If the other driver was at fault, then you might think their insurance should pay for everything. In some states, that would be the case. However, Florida is a “no-fault auto insurance state,” which means that the insurance coverage of the driver will cover him or herself and his/her passengers.
This coverage is required as part of the minimum liability you need to legally drive in Florida. PIP (personal injury protection) of $10,000 or higher is mandated, as is $10,000 of property liability coverage. There will be a limit per person as well as per accident that may vary from policy to policy.
Beyond the coverage limits on your auto policy, however, the no-fault system ends. That means that you would need to get additional reimbursement from the at-fault driver, and you may need to go to court to prove he/she was at fault.
Adding uninsured and under-insured motorist cover to your policy will make this situation less likely, but it’s still possible the medical bills and property damage done will exceed the policy’s limits and make you choose between covering your injured passengers out of pocket or watching them sue the other driver for the remaining expenses. By increasing your coverage limits, you help prevent this from happening.
When Will A Friend’s Auto Insurance Pay?
As noted above, in most instances, the insurance of the driver of the car you were a passenger in at the time of the accident will pay for your medical bills, loss of income, and certain other expenses or losses stemming from the accident.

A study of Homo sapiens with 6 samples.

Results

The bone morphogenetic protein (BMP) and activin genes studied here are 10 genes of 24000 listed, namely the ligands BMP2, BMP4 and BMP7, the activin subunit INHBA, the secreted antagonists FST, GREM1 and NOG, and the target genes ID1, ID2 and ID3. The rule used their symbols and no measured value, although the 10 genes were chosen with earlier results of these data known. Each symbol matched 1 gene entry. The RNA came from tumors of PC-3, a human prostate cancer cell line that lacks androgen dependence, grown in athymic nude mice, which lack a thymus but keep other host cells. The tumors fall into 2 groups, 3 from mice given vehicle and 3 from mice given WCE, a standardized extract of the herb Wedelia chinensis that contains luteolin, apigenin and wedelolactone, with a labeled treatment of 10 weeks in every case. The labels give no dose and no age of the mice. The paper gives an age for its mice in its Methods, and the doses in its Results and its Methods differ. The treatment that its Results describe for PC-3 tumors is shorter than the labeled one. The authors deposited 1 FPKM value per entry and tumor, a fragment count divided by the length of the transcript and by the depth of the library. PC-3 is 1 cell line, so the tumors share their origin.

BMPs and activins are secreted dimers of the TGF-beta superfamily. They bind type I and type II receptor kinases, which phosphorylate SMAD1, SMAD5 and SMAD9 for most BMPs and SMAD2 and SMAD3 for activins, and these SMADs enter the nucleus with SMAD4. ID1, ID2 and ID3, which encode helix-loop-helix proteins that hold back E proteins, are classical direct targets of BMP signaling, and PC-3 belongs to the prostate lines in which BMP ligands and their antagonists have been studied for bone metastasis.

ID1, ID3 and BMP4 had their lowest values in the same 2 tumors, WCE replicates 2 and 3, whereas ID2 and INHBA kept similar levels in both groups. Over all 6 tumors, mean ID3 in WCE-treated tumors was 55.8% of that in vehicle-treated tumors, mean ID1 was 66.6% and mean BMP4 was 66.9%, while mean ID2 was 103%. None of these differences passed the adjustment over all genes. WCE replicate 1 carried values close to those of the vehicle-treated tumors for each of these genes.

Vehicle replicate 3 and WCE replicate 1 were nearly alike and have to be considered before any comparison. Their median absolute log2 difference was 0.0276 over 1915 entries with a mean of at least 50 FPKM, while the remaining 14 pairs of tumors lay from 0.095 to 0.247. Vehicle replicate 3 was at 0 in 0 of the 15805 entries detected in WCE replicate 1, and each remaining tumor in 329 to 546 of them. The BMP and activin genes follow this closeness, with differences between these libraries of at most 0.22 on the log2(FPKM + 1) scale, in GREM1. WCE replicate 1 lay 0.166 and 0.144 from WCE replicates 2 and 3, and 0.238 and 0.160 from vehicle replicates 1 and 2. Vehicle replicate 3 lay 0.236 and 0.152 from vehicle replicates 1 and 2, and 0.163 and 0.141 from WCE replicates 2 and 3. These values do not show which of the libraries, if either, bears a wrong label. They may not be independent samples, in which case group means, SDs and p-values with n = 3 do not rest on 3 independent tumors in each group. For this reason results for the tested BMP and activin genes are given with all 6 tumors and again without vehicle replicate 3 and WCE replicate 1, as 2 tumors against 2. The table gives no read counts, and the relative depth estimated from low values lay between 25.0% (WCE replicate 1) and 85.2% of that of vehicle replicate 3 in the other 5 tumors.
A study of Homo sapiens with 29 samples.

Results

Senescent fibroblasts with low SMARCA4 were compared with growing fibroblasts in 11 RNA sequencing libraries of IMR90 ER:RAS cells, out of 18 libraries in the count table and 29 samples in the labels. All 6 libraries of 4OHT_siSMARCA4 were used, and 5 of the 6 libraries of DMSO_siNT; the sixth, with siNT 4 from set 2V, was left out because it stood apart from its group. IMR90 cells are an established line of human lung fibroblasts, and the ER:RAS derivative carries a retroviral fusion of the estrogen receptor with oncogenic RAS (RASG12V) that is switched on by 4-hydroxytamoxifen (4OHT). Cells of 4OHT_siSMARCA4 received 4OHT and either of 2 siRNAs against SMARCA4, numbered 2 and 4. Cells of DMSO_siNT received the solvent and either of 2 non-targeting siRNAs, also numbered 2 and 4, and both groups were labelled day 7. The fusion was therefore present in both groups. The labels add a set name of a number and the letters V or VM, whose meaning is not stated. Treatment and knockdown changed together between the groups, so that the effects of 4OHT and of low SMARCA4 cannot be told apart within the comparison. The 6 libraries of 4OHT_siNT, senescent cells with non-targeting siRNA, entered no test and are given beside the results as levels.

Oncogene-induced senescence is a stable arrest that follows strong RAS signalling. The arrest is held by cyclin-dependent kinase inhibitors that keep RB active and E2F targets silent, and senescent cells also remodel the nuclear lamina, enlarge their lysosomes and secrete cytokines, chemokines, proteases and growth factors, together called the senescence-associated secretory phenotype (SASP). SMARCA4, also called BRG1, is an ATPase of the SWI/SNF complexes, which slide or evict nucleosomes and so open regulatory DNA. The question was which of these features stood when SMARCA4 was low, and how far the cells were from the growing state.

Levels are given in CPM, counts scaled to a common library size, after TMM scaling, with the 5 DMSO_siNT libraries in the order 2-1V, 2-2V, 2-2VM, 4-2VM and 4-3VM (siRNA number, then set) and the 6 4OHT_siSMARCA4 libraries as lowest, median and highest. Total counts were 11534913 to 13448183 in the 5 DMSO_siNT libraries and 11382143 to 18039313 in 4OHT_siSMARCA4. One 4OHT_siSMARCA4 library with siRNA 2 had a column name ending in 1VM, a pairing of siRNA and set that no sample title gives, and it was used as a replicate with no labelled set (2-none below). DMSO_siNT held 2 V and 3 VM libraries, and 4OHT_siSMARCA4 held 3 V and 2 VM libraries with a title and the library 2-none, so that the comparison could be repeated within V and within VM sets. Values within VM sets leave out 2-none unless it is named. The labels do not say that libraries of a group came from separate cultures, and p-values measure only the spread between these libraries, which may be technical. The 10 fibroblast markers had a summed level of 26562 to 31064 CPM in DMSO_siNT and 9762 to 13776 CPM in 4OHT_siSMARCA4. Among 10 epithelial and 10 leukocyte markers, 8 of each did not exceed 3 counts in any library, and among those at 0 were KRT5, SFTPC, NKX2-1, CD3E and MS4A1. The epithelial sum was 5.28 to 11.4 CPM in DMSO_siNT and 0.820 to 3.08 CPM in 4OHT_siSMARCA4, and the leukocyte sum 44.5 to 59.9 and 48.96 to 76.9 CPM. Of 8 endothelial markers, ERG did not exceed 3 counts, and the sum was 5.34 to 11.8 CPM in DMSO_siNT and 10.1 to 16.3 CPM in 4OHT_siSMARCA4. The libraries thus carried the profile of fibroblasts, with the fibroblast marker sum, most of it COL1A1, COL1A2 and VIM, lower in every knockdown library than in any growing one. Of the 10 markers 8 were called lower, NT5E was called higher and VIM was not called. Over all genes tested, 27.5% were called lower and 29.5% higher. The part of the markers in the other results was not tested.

From one perspective, a friend or family member may be hesitant about filing for compensation through their loved one’s insurance policy. But on the flip side, they may have little choice if the medical bills are overwhelming. Plus, every responsible driver will consider their passengers to be “under their care”.
And Florida’s system of auto accident compensation has it built in that passengers are covered by the policy of “their driver” under ordinary circumstances. The purpose of this law is to reduce unnecessary court costs and to simplify the system when it comes to low to moderate cost accidents. As long as everyone is insured (or one driver has uninsured motorist protection), the no-fault system saves time and money by avoiding most legal battles over car accidents.
Finally, note that it is possible that you could be a passenger in your own vehicle. If you let an authorized driver drive your car, then you and your friend who drove for you are covered. But clarify ahead of time with your insurer who is or is not an authorized, covered driver of your insured vehicle.
Whether you are shopping for auto insurance for the first time, or are looking to switch policies, be sure you understand how your auto insurance benefits would apply to your passengers in an accident, as well as to yourself.
To learn more about auto insurance coverage in Florida, contact the experts at Flagler County Insurance Agency today!